Correction: This story originally stated the Casper Essential mattress was exclusive to Target. In fact, only the bedding is exclusive to the retailer. The story has been updated. We regret the error.
Target on Thursday announced that it is taking its tie-up with Casper up a notch with a mattress called Casper Essential that the companies call the brand's "first streamlined mattress." Casper is also launching a new Target-exclusive sheet line priced from $75 to $110.
The mattress will be on display at 45 Target stores nationwide from mid-February through mid-March and sold through Target stores, Target.com and Casper.com, the companies said. It comes in six sizes, priced from $350 to $725, according to a company blog post. Anyone unable to test the mattress in store can get a 100-night trial with free shipping and returns.
Last year, Target invested $75 million into a funding round for Casper, shortly after announcing their retail partnership. The mass merchant reportedly considered buying the mattress startup outright for $1 billion.
Target and Casper are on a roll, separately and together. In addition to its 1,200-store brick-and-mortar opportunity at Target, Casper has opened 15 of its own concept stores. Casper also recently struck a deal with American Airlines, outfitting its fleet with Casper sleep systems in first class.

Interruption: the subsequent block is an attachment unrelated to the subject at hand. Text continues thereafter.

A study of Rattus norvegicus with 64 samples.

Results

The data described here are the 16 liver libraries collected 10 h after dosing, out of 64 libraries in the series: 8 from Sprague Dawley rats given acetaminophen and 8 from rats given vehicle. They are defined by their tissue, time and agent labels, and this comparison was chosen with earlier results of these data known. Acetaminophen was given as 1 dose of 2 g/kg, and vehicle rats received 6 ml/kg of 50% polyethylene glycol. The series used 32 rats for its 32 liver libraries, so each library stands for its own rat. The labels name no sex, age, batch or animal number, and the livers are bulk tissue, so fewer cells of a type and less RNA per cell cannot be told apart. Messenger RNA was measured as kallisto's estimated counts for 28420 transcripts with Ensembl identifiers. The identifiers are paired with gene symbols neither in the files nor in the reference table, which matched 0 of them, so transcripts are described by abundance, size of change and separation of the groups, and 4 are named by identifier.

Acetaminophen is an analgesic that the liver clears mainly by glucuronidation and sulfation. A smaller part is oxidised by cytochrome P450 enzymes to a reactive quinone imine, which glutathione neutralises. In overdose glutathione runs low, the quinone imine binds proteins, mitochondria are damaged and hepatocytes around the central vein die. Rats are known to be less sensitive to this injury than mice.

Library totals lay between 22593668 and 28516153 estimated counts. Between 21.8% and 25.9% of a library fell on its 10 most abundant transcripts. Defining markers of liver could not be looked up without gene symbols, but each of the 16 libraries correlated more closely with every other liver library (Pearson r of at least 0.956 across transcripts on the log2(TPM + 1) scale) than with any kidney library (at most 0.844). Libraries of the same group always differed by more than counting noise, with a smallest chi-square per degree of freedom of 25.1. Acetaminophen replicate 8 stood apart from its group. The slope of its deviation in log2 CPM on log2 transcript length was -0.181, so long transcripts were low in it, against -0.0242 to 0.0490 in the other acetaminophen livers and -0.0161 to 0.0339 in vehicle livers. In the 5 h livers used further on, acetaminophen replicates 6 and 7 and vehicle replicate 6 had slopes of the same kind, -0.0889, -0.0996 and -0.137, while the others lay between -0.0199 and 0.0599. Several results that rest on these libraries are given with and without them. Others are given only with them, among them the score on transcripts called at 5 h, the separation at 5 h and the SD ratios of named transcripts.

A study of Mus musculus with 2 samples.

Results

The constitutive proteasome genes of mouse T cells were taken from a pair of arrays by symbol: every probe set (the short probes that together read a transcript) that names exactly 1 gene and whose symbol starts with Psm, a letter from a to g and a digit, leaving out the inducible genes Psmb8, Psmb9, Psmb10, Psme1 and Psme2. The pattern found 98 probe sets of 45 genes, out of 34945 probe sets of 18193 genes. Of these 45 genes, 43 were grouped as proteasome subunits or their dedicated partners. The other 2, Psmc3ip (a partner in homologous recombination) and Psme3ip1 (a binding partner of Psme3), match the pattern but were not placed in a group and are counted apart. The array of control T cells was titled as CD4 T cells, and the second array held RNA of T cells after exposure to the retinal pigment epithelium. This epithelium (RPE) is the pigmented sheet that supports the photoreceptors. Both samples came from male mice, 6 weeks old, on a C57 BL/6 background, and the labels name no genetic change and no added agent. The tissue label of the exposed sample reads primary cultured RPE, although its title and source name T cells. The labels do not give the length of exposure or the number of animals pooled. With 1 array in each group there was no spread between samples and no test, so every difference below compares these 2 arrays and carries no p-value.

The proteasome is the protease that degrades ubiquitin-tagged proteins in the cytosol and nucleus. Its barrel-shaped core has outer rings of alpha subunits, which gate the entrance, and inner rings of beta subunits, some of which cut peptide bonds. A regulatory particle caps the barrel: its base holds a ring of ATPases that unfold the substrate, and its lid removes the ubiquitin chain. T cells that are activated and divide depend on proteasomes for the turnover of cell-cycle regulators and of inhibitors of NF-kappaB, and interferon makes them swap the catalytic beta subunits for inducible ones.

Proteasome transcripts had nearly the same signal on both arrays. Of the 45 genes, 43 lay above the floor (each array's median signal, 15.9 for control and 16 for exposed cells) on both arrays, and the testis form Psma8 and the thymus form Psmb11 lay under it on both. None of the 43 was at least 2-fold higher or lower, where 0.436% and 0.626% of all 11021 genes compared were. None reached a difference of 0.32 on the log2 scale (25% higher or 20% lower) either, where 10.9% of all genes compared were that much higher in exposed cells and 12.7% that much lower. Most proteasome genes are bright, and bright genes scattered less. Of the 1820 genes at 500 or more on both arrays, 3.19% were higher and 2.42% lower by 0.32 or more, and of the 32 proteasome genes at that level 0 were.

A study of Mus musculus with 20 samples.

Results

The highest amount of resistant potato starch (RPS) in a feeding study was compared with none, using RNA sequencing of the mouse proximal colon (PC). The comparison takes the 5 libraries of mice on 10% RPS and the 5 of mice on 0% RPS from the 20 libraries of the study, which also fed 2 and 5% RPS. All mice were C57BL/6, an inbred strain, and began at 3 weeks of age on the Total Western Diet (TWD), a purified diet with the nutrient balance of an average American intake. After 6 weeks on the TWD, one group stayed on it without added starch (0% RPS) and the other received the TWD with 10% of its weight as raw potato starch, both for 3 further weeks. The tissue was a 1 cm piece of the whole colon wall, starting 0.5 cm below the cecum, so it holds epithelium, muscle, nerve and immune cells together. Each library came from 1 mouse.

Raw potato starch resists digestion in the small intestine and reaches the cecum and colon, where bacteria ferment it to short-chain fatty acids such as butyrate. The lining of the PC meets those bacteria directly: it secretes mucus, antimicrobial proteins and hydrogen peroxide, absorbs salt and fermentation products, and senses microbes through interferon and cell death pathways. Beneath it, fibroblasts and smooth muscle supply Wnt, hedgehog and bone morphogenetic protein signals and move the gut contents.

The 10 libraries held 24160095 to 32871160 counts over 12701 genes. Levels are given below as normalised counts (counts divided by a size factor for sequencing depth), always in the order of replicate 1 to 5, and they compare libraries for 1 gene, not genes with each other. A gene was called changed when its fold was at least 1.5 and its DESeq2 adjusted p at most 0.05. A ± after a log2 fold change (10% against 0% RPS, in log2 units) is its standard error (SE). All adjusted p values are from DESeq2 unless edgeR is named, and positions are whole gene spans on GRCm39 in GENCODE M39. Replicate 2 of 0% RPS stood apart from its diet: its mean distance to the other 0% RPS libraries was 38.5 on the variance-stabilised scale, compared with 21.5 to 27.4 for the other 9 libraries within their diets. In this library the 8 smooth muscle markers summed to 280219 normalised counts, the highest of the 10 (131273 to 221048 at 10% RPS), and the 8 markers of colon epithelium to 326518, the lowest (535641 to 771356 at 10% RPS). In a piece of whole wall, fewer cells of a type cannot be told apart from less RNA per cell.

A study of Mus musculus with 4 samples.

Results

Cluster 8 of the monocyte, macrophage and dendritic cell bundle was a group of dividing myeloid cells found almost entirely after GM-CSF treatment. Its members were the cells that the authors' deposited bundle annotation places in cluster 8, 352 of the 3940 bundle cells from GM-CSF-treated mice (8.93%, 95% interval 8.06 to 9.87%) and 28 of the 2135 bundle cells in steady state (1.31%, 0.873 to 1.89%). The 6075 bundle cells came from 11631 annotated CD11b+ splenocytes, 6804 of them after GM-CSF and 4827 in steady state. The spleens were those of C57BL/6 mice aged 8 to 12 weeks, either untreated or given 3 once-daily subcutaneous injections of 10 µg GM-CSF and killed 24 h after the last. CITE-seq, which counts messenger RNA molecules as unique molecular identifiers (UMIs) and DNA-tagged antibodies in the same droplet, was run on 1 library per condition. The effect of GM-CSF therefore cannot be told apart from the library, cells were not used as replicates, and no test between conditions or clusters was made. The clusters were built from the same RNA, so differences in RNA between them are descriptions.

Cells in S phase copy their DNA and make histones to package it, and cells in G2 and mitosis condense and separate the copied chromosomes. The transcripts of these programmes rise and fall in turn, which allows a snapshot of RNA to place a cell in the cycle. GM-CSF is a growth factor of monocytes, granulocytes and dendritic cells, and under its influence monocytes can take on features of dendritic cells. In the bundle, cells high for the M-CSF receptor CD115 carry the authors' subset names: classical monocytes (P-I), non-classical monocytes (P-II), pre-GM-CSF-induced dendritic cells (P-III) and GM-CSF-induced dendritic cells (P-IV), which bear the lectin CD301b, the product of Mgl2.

The mattress startup is helping Target reinvigorate its commitment to differentiated merchandise. Last week CEO Brian Cornell reiterated the importance of having unique, stylish merchandise, which he said entices customers and thereby helps the retailer avoid dependence on low-margin grocery sales.
As Cornell recently told CNBC, "We've had a much more balanced portfolio and it's one of the things that makes our company so unique. ... The difference is our 'expect more, pay less' positioning."
That's a decent description of Casper's approach, too, which, along with rivals Leesa, Yogabed and Tuft & Needle, offers small assortments of "mattress-fits-most" in basic bed sizes at a single price, paired with long try-out times and free returns.
Offering less selection and promising higher quality are emerging as differentiators for smaller brands entering a crowded retail market, according to research from Canadian retail tech firm Hubba. Consumers, especially in such segments, are seeking a curated product offering that cuts through the "paradox of choice," Hubba found.
A few such brands are turning to established partners for marketing and distribution to reach more consumers — vividly exemplified by the Target-Casper match and rival Leesa's similar partnership with Williams-Sonoma brand Pottery Barn.